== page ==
Spiriva is a popular and effective medication used in the treatment of COPD. It is administered as a powder, and is inhaled using a HandiHaler. It is intended for long-term use, and has been shown to be very effective in improving quality of life, reducing symptoms, and extending lives. How does it work?
To understand the mechanism by which Spiriva works, a review of certain anatomical facts is required. The body contains several types of muscle tissue. Skeletal muscle is familiar to us as the muscles which move our limbs. Smooth muscle is found in organs, blood vessels, and the larger passages of the lungs. It is the contraction of these passages in the lungs, known as bronchial passages, that produces the sensation of constriction felt by COPD sufferers. Muscles can't contract by themselves. Even muscles that cannot be voluntarily contracted require a signal from the nervous system in order to work. The agent of this contraction is a molecule known as acetylcholine. Acetylcholine is a neurotransmitter; it acts on receptors in the muscles to cause contraction.
There are several different types of receptors in muscle tissue. The receptors in smooth muscle tissue that react to acetylcholine are called M3 receptors. They react to a specific type of acetylcholine, in a very specific way, to produce muscle contraction. Tiotropium, the active ingredient in Spiriva, is an acetylcholine antagonist. It binds to the receptor sites and prevents them from reacting to the neurotransmitters. This produces, over the the long term, a more relaxed bronchial passage. It should be noted that the use of tiotropium must be regular and continuous in order to produce the desired effect. It cannot be used as a rescue inhaler, and is normally used in conjunction with a beta-2 agonist and a corticosteroid. Although tiotropium does not produce the sudden and noticeable effect of a rescue inhaler, studies have proven it effective in the long-term treatment of COPD.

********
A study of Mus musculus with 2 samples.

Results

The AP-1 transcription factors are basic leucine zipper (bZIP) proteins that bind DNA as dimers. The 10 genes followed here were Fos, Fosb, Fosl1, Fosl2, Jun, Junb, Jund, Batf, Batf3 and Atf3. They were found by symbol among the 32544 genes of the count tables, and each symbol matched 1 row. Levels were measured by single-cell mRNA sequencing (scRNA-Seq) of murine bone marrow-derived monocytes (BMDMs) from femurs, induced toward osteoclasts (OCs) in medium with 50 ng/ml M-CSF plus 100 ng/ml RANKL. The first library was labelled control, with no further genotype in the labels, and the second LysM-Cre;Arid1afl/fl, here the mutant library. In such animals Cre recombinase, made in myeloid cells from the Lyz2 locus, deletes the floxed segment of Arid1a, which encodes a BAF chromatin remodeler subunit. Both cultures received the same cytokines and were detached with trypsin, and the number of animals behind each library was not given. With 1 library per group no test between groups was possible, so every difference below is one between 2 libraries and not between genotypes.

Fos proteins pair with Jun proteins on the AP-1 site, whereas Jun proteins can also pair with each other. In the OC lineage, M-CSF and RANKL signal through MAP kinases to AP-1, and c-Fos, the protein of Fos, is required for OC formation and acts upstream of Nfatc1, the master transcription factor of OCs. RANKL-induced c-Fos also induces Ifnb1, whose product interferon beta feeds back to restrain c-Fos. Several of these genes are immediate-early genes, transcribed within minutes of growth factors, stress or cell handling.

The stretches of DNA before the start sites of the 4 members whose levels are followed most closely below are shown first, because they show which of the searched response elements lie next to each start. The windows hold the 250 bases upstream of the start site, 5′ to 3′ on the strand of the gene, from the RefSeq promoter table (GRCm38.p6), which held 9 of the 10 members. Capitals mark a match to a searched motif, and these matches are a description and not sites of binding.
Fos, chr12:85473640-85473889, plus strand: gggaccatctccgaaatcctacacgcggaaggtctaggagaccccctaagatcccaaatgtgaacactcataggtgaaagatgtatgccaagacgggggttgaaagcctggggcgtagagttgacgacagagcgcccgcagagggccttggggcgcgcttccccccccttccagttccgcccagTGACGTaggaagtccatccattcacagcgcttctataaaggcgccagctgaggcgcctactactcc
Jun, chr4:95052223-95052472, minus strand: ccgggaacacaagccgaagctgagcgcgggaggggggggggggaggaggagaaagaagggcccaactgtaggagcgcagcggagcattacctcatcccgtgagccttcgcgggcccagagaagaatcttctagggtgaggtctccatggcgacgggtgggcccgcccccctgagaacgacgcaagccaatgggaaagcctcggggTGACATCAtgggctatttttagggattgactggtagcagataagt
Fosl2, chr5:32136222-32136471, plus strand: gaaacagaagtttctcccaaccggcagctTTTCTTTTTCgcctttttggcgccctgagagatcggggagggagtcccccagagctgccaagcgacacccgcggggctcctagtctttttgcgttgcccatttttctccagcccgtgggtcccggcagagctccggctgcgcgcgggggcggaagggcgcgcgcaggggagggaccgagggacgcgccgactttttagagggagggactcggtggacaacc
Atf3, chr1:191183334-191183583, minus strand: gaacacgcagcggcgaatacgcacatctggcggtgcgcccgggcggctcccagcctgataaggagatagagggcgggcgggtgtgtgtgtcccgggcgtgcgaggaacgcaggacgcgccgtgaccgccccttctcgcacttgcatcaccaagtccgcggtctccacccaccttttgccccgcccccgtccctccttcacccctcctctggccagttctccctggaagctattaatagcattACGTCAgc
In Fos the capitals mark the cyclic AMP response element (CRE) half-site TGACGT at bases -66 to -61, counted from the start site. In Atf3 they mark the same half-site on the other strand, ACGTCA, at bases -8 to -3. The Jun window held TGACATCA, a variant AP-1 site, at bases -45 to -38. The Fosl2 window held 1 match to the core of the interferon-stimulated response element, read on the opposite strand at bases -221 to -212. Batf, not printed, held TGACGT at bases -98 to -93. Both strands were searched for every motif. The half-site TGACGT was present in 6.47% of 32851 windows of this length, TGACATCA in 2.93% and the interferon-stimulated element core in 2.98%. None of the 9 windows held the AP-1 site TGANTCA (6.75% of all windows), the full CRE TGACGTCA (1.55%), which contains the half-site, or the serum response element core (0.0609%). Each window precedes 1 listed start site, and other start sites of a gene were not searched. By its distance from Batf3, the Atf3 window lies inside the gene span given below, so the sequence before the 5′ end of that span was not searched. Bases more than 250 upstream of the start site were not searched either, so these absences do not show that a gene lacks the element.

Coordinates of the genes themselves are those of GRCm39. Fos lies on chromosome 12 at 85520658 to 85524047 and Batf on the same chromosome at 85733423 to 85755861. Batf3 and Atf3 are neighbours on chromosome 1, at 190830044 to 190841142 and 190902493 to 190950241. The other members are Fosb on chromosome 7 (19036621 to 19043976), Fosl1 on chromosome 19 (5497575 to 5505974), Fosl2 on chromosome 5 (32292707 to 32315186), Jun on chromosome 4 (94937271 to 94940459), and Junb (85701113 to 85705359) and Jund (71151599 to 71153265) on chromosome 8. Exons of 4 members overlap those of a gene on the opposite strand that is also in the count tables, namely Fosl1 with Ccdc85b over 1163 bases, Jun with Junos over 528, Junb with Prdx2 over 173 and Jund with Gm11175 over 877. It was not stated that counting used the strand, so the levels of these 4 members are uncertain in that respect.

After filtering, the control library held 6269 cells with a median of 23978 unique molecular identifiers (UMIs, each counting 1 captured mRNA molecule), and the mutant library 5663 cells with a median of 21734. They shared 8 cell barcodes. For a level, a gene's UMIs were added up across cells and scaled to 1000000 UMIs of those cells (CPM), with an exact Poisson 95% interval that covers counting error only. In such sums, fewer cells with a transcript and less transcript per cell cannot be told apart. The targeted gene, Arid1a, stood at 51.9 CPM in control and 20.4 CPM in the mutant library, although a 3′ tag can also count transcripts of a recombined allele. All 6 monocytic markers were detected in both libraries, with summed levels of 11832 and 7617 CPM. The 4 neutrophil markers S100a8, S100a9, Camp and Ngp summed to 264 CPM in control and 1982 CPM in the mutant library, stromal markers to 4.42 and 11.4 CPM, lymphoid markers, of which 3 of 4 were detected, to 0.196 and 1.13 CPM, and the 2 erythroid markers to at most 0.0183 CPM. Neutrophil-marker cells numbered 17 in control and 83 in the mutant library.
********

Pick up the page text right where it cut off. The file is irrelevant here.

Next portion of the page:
It is important to note that COPD, in almost all cases, is caused by smoking. The patient must discontinue smoking while using Spiriva. Nicotine from the smoke acts as a neurotransmitter, and can bond to the same M3 sites that Spiriva is aimed at. Smoking while taking Spiriva will almost completely nullify the drug's positive effects, as the nicotine prevents the tiotropium from bonding to the M3 receptors and doing its job.